You can create a disk image in the Enterprise, Business, and Ultimate versions of Windows Vista, but if you use Vista Home Premium, you need a third-party app to image a disk or partition. I was delighted to find a disk-imaging component added to the Backup and Restore applet in the Home Premium version of Windows 7.
Why it took Microsoft so long to include disk imaging in a nonbusiness version of Windows is a mystery. Even more puzzling is why the company didn't try harder to make Win7's disk-imaging tool as fast and simple to use as freeware backup alternatives.
(The backup function in earlier versions of Windows lets you create copies of your files and settings but not your Windows installation, applications, and everything else on your hard drive. For data backups, I prefer the free iDrive online service I wrote about in a post from March 2008.)
When I compared Windows 7's disk-imaging function with the disk imager in the free Easeus Todo Backup from Chengdu Yiwo Tech Development, the third-party backup app came out on top in every category. Easeus Todo Backup is fast, easy to use, and reliable. The program even managed to fit on two DVDs the 88GB partition holding my Win7 installation. Windows 7's disk imager required four DVDs to back up the same partition.
Disk imagers go head-to-head
I tested the disk imagers on a relatively pristine Windows 7 Home Premium installation, the only program loaded on the test system other than Windows itself was Easeus Todo Backup. Easeus Todo Backup installed without a hitch, although I had to restart the PC to complete the installation. The three main options on the program's start screen are to back up a disk or partition, restore a previous backup, or clone one hard drive to another.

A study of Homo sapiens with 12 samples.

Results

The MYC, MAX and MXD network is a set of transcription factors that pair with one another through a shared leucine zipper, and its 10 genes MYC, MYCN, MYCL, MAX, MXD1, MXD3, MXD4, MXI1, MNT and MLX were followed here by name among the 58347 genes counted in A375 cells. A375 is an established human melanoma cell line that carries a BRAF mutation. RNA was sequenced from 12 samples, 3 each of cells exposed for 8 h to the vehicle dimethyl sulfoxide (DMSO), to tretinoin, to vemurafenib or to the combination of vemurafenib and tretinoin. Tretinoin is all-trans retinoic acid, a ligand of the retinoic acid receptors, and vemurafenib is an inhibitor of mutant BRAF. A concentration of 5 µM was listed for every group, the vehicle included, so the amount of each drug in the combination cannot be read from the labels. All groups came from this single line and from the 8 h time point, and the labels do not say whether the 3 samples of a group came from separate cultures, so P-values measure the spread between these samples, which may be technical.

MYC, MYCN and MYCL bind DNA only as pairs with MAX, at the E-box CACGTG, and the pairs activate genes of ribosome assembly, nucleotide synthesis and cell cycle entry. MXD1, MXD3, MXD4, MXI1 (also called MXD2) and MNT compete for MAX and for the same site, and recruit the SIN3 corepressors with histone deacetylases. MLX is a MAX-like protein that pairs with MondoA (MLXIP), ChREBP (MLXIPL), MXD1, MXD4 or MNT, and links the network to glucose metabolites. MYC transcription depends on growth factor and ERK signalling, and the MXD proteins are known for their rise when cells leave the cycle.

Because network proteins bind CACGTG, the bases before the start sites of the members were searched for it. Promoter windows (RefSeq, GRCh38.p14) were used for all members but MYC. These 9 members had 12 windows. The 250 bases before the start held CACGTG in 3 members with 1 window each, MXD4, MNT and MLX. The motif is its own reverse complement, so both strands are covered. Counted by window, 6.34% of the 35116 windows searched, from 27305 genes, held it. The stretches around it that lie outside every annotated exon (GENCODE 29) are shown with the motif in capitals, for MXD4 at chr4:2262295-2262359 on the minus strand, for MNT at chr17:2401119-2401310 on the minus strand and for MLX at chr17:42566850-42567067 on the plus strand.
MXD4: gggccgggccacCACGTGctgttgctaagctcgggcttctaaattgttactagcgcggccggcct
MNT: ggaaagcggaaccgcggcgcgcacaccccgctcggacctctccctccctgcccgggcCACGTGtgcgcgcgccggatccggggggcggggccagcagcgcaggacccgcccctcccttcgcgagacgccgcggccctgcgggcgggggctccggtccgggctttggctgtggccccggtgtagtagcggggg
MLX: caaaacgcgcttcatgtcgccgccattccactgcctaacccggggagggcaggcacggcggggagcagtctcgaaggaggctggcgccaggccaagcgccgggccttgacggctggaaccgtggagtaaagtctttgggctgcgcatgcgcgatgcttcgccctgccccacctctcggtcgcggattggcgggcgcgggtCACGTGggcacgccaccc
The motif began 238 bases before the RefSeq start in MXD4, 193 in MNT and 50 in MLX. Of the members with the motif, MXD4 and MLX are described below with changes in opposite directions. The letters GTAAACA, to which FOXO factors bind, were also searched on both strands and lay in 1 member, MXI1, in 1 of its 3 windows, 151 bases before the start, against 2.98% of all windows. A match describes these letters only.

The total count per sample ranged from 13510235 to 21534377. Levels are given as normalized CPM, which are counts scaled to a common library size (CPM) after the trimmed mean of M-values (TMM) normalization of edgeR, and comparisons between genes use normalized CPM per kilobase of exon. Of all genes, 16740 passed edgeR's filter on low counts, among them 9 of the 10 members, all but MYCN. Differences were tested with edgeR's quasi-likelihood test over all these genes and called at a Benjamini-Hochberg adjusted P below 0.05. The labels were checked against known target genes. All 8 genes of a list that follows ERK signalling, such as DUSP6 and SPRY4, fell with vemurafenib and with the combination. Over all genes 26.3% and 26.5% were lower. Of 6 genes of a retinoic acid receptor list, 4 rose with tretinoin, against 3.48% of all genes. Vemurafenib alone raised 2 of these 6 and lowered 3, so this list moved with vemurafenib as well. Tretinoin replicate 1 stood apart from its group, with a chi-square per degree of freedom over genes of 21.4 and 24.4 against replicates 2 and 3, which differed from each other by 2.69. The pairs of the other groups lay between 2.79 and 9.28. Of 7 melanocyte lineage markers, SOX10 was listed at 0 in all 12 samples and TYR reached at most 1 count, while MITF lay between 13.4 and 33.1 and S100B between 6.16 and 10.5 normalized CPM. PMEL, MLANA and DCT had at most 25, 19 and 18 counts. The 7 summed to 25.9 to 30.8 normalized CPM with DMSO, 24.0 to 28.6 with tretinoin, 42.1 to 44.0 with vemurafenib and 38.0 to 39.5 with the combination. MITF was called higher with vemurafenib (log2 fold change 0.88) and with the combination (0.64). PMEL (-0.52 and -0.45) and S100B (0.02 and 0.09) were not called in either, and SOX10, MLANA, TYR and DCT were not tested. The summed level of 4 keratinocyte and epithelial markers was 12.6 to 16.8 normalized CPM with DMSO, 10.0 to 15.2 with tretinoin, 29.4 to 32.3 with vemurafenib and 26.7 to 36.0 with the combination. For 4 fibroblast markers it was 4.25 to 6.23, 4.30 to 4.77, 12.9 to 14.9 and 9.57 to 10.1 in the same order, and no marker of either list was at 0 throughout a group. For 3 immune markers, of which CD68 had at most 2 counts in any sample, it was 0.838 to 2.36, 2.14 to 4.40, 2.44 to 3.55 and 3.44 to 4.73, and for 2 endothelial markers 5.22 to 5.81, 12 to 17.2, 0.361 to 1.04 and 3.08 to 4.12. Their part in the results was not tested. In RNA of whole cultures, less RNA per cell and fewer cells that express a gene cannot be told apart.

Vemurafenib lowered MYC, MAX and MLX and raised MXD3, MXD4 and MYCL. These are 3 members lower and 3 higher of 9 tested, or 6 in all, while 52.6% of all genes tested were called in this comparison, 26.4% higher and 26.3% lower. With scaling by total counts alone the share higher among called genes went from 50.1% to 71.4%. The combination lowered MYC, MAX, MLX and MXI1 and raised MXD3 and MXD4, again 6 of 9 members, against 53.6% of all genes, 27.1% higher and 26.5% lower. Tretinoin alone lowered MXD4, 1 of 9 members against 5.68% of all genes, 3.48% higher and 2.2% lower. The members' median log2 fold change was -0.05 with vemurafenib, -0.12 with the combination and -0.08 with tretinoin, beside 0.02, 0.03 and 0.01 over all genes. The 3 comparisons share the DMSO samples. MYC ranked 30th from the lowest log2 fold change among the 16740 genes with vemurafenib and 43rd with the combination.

Choosing Backup starts the program's Backup Wizard, which prompts you to select a partition to image. You can also choose to create the image sector by sector, which backs up the free sectors on the drive or partition as well as the ones storing data. The advantage of this method is that the resulting image will be the same size as the disk or partition being backed up.
Once you select the disk or partition to be imaged and click Next, the wizard offers to use the program's default image settings or let you customize the backup. I stuck with the default and clicked Next again. The wizard then lets you annotate the image with a comment. Click Next once more to start the imaging process.
It took the program just 20 minutes and two 4.7GB DVDs to complete the image. Easeus Todo Backup's Restore Wizard is just as simple to use and almost as fast at restoring a previously created image. The program also lets you create a bootable disc, mount the backup file as a virtual image partition, and make sure a backup image file is restorable.
Win7's disk imager is slow going
After my pleasant experience using Easeus Todo Backup, I expected Windows 7's disk-imaging feature to work just as well. Not so. The process took more than four times as long and required twice as many DVDs to complete.
You access Win7's Backup and Restore Center applet by clicking Start > All Programs > Maintenance > Backup and Restore Center. A faster method is to press the Windows key, type backup, and press Enter. After the program opens, click "Create a system image" in the left pane to begin the process.
On the next screen, choose the device on which you'll store the image and click Next. Windows then gives you an estimate of how large the image will be and indicates which disks/partitions will be backed up. Click Start backup. If you chose to store the image on DVDs, Windows will ultimately prompt you to enter a blank, formatted disc in the drive (if the disc isn't formatted, Windows will format it for you).
I expected the imaging process to take about as long to finish using the Windows utility as it took Easeus Todo Backup to complete the task. Instead, I waited more than four times as long for the image to complete and ended up requiring twice as many DVDs. Restoring the image using Win7's utility was likewise slower than Easeus's image-restore component.
In this case, it makes a lot of sense to download and install the free alternative to Windows' own disk-imaging utility, at least until Microsoft starts taking disk imaging as seriously as it's starting to take security.